We’re living in an interesting time from a technology perspective - where staff are beginning to demand more and more the functionality they consume at home, whilst in the office. As the generation y population join the workforce after being exposed to technology for most of their lives, it creates an interesting intersection in how we can get the best out of our workers. It’s unusual for gen-y citizens not to be connected. They are either online via TXTing, social networking sites such as Facebook, Bebo, Twitter or at the end of a broadband connection. How can businesses take advantage of technology to increase productivity and profitability, while at the same time protect company assets/IP and allow consumer choice of devices, hardware, operating systems and connectivity options?
The answer isn’t clear cut, and there are trade-offs with these options. If a business has invested wisely in the backend infrastructure, then serving up applications can be delivered in a variety of ways: e.g.:
1. Virtual Desktops - Client-hosted desktop virtualization creates a separate OS environment on the desktop, allowing non-compatible legacy or line-of-business applications to operate within their native environment on top of a more current operating system, or enabling two IT environments (for example, personal and corporate) to run concurrently on the same physical device. Virtual Desktop Infrastructure is a desktop delivery model, which allows client desktop workloads (operating system, application, user data) to be hosted and executed on servers in the data centre. Users can communicate with their virtual desktops through a client device that supports remote desktop protocols such as RDP.
Key benefits include:
- Offers improved flexibility and desktop location independence, enhancing work scenarios such as work from home and hot-desking
- Facilitates improved business continuity through data centralization
- Provides integrated management of physical, virtual and session-based desktops, including non-Microsoft infrastructure
2. Virtual Applications - transforms applications into centrally-managed virtual services that are never installed and don’t conflict with other applications.
Key benefits include:
- Streams applications on-demand over the internet or via the corporate network to desktops, Terminal servers and laptops
- Automates and simplifies the application management lifecycle by significantly reducing regression and application interoperability testing
- Accelerates OS and application deployments by reducing the image footprint
- Reduces the end user impacts associated with application upgrades/patching and terminations. No reboots required; no waiting for applications to install; and no need to uninstall when retiring an application
- Enables controlled application use when users are completely disconnected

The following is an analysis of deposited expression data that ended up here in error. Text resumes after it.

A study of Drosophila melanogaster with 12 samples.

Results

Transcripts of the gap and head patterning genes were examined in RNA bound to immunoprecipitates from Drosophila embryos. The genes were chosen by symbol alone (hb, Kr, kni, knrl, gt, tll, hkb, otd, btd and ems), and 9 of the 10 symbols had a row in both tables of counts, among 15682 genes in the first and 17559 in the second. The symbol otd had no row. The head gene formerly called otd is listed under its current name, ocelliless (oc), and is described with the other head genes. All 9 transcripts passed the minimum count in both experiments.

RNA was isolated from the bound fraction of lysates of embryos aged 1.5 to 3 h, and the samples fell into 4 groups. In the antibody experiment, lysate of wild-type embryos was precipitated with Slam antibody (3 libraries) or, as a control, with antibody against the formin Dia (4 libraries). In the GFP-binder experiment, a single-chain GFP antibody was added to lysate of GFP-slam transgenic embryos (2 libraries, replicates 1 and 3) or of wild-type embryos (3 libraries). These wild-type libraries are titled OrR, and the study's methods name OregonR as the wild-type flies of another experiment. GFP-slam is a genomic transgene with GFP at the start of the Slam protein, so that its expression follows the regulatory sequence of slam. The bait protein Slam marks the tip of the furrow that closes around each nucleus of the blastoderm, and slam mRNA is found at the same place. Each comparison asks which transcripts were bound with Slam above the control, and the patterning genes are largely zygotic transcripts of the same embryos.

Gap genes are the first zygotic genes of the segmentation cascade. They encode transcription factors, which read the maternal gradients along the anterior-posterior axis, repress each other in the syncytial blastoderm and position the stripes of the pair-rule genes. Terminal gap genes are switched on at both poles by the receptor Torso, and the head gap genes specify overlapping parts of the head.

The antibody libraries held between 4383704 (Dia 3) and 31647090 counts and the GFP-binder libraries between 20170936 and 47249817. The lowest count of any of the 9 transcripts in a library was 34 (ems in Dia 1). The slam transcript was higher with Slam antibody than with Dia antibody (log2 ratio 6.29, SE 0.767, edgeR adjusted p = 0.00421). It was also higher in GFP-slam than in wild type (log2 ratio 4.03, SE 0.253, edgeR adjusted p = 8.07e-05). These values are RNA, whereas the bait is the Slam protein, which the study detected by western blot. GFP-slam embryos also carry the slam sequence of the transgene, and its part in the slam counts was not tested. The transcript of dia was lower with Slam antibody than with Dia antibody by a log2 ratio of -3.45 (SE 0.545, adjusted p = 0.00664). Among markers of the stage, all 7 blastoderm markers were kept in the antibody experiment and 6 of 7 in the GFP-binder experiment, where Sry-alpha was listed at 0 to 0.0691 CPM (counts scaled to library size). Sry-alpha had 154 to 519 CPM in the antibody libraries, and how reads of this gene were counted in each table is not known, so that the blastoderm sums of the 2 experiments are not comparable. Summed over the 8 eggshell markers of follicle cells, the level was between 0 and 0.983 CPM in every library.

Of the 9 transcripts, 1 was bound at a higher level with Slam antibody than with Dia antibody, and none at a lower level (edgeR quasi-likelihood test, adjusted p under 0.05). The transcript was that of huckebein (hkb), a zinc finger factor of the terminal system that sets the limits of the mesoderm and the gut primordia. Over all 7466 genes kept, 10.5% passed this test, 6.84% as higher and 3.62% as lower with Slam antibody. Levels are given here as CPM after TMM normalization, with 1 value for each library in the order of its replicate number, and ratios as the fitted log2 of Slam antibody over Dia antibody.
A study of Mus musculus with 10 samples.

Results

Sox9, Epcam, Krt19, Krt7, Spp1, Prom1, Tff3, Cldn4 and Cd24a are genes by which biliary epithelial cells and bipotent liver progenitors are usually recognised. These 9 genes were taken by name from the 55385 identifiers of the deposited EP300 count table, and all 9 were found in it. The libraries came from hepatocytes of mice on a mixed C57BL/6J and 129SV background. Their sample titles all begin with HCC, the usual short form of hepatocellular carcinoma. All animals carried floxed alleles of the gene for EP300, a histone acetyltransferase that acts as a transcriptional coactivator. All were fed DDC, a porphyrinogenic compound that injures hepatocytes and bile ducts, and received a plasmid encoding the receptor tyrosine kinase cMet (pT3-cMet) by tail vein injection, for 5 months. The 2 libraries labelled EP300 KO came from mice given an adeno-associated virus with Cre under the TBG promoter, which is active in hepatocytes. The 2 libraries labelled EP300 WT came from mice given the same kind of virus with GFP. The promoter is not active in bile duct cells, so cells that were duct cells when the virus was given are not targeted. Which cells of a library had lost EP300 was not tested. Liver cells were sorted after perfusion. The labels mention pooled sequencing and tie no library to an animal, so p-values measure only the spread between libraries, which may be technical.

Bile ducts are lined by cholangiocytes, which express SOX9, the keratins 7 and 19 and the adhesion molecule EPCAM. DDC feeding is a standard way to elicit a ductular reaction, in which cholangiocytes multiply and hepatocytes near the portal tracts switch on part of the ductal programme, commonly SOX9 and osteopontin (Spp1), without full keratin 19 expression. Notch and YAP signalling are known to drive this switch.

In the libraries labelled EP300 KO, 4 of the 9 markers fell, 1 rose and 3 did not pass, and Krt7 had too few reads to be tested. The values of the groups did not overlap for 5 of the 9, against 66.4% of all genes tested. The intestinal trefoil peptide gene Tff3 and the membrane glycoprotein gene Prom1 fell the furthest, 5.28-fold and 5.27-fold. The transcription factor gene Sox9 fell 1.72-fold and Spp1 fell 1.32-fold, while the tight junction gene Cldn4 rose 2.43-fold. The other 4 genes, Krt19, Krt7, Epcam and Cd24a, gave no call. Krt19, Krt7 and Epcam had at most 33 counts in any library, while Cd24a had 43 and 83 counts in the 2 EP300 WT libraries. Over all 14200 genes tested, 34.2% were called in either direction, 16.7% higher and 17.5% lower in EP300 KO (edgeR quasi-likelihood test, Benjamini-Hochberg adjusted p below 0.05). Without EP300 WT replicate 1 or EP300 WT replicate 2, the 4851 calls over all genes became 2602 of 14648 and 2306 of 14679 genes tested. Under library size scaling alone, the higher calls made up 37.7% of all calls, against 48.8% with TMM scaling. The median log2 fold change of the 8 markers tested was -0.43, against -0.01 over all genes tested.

3. Delivering applications via a web browser
Key benefits include:
- Minimal software installation if any or via plug-ins/controls
- Minimal client upgrades required as updates are typically applied to backend applications/servers & services
- A wide selection of devices that have browsers - fat clients, thin clients, PDAs, mobile devices
Traditional IT delivers line of business applications on a company supplied piece of hardware, standardised OS and applications for a specific range of desktops, laptops and terminal services devices. With the introduction of netbooks and cheaper notebooks, as well as our evolving work /lifestyle patterns – there are some interesting dynamics to consider.
I travel a bit for work, and have my own set of favourite/useful applications, as well as a desire to have access to my own personal documents, files, web favourites and email whenever I need them. I’m not keen to carry more than one device, so my question is – should employers offer the choice of allowing staff to supply their own device which can be used for accessing the corporate network and resources via wired, wireless, VPN , Direct Access technologies?
There are clearly things to consider:
- Industry Standards /Cross Platform
- Potential financing options of acquisition of device – should the company offer something to help?
- Security of personal and corporate data – how do you separate, keep it safe, ensure it’s accessible to others as well as backed up etc
- Reliability, performance, manageability – ensuring the device you have allows you to perform the required tasks/duties your employer needs and expects
- Support, Warranty costs – If your device fails, how do you deal with this, and whose responsibility is it?
- Virtualised Desktop/Applications – is this infrastructure there, fault tolerant and available when it’s needed?
All of the above (plus the many that I’ve missed out) is addressable with the technologies we have available today – Should we be exploring this as a viable option for tech savvy employees? I’m not sold either way, however in my opinion this is definitely something I think IT departments will continue to receive feedback about for some time. The days of traditional IT being a NO shop, with answers like “this is the only approved corporate standard device available” will be short lived – We need to move with the times and enable the business, whilst at the same time empowering the individual with choices. We are living in the digital decade, the cultural change is happening right in front of us.